November 24, 2021
During the early phase of the COVID-19 pandemic, when hospitals were overwhelmed and people were avoiding going to the doctor's office, delays in computer tomography scans for cancer were expected.
However, a new study points to the alarming fact that many people who need imaging to detect and treat cancers are still not getting it, raising concerns of more advanced cancers and worse outcomes.
In the study, researchers compared cancer-related CT exams during three periods of 2020: the pre-COVID phase from January to mid-March, peak COVID between mid-March to May and post-COVID from May to mid-November.
They found that CT for cancer screening dropped 82% during the peak of the pandemic. CT for initial workup, tracking active cancer and cancer surveillance also significantly declined.
Compared with pre-COVID numbers, volumes for cancer screening and initial workups have not fully recovered, with the numbers remaining down by 11.7% and 20%, respectively.
Interestingly, the drop in CT volumes occurred more in outpatient departments, while the number of imaging occurring in emergency departments increased after the peak period.
"The decline during the COVID peak was expected because of stay-at-home orders and the number of imaging departments that shut down as a precaution," said Dr. Marc Succi, an emergency radiologist at Massachusetts General Hospital. "Once normal operations resumed, you'd expect that these patients were being imaged in an equitable way, but, in fact, it turns out that they weren't."
Fear of contracting COVID-19 at the hospital or the doctor's office appears to continue to be a big driver of delays in routine health care, including CT imaging.
Another factor is that the pandemic isn't over, and some hospitals in COVID-19 hotspots are still rationing services so they can handle influxes of patients.
Succi said these delays in routine imaging and follow-up appointments will likely increase advanced cancers and cancer deaths.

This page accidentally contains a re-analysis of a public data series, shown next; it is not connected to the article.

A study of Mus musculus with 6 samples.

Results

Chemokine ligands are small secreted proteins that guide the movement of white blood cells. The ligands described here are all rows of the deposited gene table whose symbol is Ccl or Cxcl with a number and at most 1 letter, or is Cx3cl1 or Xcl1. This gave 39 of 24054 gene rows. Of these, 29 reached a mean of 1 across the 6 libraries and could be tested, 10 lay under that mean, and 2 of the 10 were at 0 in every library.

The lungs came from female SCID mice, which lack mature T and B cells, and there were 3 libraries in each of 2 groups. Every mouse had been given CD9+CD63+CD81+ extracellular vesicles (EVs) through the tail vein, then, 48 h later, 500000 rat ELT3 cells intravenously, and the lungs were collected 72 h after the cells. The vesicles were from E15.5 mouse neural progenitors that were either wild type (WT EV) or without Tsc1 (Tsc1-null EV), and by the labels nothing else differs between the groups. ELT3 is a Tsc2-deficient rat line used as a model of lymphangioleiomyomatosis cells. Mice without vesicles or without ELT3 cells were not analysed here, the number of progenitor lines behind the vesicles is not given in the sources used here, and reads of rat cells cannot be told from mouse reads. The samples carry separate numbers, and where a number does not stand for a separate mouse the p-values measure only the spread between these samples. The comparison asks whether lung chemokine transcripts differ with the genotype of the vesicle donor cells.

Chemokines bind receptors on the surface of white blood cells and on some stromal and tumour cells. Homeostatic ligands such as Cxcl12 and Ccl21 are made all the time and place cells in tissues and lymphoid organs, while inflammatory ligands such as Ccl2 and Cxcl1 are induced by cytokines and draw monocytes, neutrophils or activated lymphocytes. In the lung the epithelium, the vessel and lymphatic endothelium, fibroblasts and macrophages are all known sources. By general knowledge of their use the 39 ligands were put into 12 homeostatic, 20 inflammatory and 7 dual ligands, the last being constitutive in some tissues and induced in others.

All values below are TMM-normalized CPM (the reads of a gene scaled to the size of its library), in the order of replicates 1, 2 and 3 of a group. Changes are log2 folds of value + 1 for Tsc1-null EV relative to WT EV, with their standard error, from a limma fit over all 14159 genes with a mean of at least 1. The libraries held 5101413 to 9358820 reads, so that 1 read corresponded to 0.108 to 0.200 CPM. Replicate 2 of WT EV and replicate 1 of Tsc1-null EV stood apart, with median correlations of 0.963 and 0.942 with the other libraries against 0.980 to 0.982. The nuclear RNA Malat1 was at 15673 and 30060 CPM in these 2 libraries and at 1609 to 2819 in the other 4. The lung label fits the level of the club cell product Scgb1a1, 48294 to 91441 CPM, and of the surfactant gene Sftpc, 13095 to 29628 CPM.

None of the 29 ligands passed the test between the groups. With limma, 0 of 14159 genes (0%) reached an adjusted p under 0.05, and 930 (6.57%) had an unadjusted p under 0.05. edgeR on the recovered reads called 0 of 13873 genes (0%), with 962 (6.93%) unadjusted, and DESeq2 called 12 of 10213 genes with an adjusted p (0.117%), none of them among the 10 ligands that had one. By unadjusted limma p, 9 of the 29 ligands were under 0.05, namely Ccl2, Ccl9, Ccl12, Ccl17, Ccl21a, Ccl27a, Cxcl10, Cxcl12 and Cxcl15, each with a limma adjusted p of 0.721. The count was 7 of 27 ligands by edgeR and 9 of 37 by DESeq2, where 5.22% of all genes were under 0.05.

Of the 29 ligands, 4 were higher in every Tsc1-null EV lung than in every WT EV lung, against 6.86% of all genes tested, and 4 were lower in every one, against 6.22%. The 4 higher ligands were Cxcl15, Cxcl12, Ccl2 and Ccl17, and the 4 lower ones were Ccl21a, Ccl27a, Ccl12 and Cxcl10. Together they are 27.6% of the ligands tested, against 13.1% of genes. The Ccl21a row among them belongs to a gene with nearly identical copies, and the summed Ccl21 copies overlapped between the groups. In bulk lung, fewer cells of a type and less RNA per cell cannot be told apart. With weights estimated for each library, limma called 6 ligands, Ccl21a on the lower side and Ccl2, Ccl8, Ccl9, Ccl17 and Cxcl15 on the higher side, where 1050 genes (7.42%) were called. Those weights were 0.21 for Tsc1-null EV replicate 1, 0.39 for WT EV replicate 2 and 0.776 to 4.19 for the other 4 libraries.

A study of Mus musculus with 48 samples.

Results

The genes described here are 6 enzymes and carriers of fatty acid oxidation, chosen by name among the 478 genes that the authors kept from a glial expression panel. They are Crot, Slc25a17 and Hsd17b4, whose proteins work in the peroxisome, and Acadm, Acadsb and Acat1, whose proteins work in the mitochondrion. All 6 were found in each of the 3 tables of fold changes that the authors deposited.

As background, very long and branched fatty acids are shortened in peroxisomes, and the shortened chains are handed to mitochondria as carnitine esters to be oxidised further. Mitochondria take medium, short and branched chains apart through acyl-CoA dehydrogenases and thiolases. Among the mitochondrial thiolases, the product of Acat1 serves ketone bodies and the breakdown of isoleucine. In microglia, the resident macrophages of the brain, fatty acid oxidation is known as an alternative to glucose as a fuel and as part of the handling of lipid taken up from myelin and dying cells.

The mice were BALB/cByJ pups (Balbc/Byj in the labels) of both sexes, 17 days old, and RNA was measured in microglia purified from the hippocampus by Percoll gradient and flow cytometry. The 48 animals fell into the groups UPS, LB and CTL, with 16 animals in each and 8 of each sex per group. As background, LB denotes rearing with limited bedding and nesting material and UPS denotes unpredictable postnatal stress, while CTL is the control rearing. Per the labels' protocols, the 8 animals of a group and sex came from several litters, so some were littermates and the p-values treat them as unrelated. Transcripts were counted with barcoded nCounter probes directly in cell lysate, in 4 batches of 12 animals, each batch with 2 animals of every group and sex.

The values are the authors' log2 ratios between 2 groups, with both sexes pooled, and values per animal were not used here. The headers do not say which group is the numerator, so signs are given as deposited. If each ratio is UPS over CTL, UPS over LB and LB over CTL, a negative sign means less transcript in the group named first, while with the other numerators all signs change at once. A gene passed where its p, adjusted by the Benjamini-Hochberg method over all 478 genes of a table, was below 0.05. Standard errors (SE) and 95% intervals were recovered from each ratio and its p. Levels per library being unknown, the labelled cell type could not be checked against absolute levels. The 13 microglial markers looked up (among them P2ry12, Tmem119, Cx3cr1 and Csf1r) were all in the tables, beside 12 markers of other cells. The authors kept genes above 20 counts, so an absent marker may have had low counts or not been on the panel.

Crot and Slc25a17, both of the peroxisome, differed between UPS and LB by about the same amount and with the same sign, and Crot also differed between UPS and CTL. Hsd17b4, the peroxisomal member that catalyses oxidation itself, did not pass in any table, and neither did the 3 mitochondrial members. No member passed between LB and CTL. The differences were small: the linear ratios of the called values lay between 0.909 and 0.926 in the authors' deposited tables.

"When initial diagnostic imaging is done in the emergency room, that suggests that people were having symptoms due to cancer for months and months, and they weren't checking in with their primary care providers," added Ottavia Zattra, a fourth-year medical student at Harvard Medical School. "Ultimately, the symptoms got so bad they couldn't handle it at home."
Concerns over delays in life-saving diagnoses and treatments have been raised since early in the pandemic. A Quest Diagnosis analysis conducted in 2020 found that the average weekly number of newly diagnosed cancer patients fell by an astounding 46.4% among the six most common types. They include breast, colorectal, lung, gastric, pancreatic and esophageal cancers.
The biggest decline was in breast cancer diagnoses, which fell by 51.8%. Pancreatic cancer diagnoses fell the least, at 24.7%. The drop-offs occurred in both routine screenings and diagnostic tests ordered in response to concerning symptoms.
Similar trends have been reported by the electronic medical records vendor Epic and the COVID and Cancer Research Network. Epic also found that even after screenings had picked up again, the numbers were still lower than they were before the pandemic.
These continued delays in routine care has oncologists worried because the earlier the diagnosis and treatment, the better the outcomes for cancer patients. The National Cancer Institute has projected 10,000 additional deaths in the United States due to breast and colorectal cancers alone over the next 10 years because of pandemic-related delays in diagnosis and treatment.
It is not just cancer care that has been impacted by the continuing COVID-19 pandemic. According to a recent poll from NPR, the Robert Wood Johnson Foundation and the Harvard T.H. Chan School of Public Health, almost 1 in 5 American households have had to delay care for serious illness just in the past few months.
In states that have been hit particularly hard by the delta variant, like Idaho, some hospitals have had to ration care, telling patients they have to wait for surgery even when they have a serious condition.
Dr. Dan Zuckerman, medical director for St. Luke's Cancer Institute, told NPR that his staff has had to delay surgery for some breast cancers, initially treating them with hormones first.
The researchers of the CT imaging study, who are presenting next week at the annual meeting of the Radiological Society of North America, say that there needs to be more outreach to ensure that patients know they should still make their CT imaging appointments and other routine care despite COVID-19. Hospitals have multiple layers of protection in place to keep their patients and staff safe.
They also suggested that more resources should be diverted to community centers which may be handling a larger influx of patients still wanting to avoid larger academic hospitals. They also called for 24/7 imaging in emergency departments.
Succi and colleagues are planning to continue to track CT imaging volumes through 2021 and study whether race, language and income also affected access to cancer imaging during the pandemic.